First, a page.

What It’s Like To Have A Chronic Injury In Your 20s


Chronic. It’s not a word inspiring hope when you’re 23 and sitting at the physical therapist’s office, for the 7th session out of an indeterminate amount.

“You gotta have faith”, the PT keeps telling me, “it’s only been 6 sessions before today.” I catch my reflection in the mirror and wonder if this condition is going to define the female I see and have worked so hard to create in the entirety of its image. “I get that, but if this is a life long management kind of thing, that changes things.” I’m not sure it actually changes anything right now, but I’ve been sitting in a year-long acceptance of a stubborn injury that, at it’s very core, was life’s way of telling me I had to slow down, by physically slowing me down.

“It could be”, he says to me, “but sometimes that’s a good thing. You know what to look out for.”

That’d be comforting if it were true, but it’s just plainly not. When it comes to your genetics, it’s a lottery ticket you never chose to buy. We can work with our bodies, but lifestyle only goes as far as basic biology allows it. Some of us are more susceptible to injuries, that little bit more prone to catching the seasonal bug, less able to take it day by day, more quickly and severely impacted by anything other than vigilante.

As he’s massaging my ankle at its most tender — what’s apparently called the peroneal tendon (I’d have easily lived the rest of my life without knowing that) — I’m gripping at the massage table, repeating internally that, if it isn’t painful, it isn’t helping me heal. Yet ultimately I feel stupidly helpless and powerless against this.

My injury is not the kind that is persistent or constantly in my thoughts, it’s the kind that lives in my body and breeds a fear of basic movements. Stepping down from the curb side to the street; the first step out of bed in the morning; uneven streets, where a wrong misstep could be the difference between calculated caution and sudden shooting pain. The sharpness of the short pain, when it does come, makes me cringe each and every single time. Mostly from the physical sensation, but also from the strong reminder that, I’m not in control. This injury is still very much there, even if I try to ignore it.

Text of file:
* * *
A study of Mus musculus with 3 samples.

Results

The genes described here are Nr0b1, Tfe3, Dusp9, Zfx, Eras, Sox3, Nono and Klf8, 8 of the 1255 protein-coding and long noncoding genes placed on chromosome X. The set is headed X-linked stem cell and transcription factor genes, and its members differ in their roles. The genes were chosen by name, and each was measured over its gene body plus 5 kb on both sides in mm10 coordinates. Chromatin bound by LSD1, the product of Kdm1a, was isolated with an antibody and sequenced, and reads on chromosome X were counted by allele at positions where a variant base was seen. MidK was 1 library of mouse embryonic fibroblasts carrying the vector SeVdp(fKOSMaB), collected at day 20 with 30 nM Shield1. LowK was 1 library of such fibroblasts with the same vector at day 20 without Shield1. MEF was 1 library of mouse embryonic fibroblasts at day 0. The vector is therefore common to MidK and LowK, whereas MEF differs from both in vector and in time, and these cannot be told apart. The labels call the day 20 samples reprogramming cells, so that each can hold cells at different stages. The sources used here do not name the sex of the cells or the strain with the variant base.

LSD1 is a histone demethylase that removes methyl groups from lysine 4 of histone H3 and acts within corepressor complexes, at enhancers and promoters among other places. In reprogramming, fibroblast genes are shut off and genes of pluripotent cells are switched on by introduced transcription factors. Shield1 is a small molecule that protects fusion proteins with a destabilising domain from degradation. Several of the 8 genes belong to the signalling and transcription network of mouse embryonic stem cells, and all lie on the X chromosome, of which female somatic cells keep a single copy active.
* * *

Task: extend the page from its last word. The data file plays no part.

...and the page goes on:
The thought of living with — and having to accept — lifelong pain management at this age confuses me, each time the anxiety-ridden dialogue in my head begins. You’re meant to heal when you’re young, right? That’s how I’ve told myself most things don’t matter now, that my job will be another job in 10 years time, that a failed relationship will filled by more a meaningful one. But my ankle won’t be replaced by another ankle, and certainly some of the motions I enjoy most-running, jumping, rigorous physical activity-can’t be substituted by anything other than lower intensity versions of them. It shouldn’t matter as much as it does every time I think about it-but if it’s a lifetime thing, then is it a lifetime prohibition?

Too young to accept limitations-that’s what I keep thinking. I couldn’t definitively tell you a thing right now about myself, in a flurry of thoughts and influences and changing mindsets. To accept the permanency of a physical weakness, a life-long higher probability exposure to aliment-I never thought I was invincible, but to be here after only a few months of serious exercise exertion? I thought this body of mine was built a little better than that.

A coworker recently commented that they, though I would inevitably fail some times, they took my personality to be one of ultimate perseverance and success; tenacious and strategic stature, if you will. It’s a funny perspective to have whens sometimes the things most basic and essential to success-your health, physical and emotional-are inherently and fundamentally out of your control for the most part.

With my foot elevated, iced and resting, I’m wondering about those “other” failures. Hard-earned success is good, but success you can’t formulate, the kind of intuitive and timely acts that have less to do with tenacity and everything to do with getting it right at the right time-is just better.

You can’t win them all. I wonder if what the PT was really saying was a nicer way of talking about my guaranteed failures.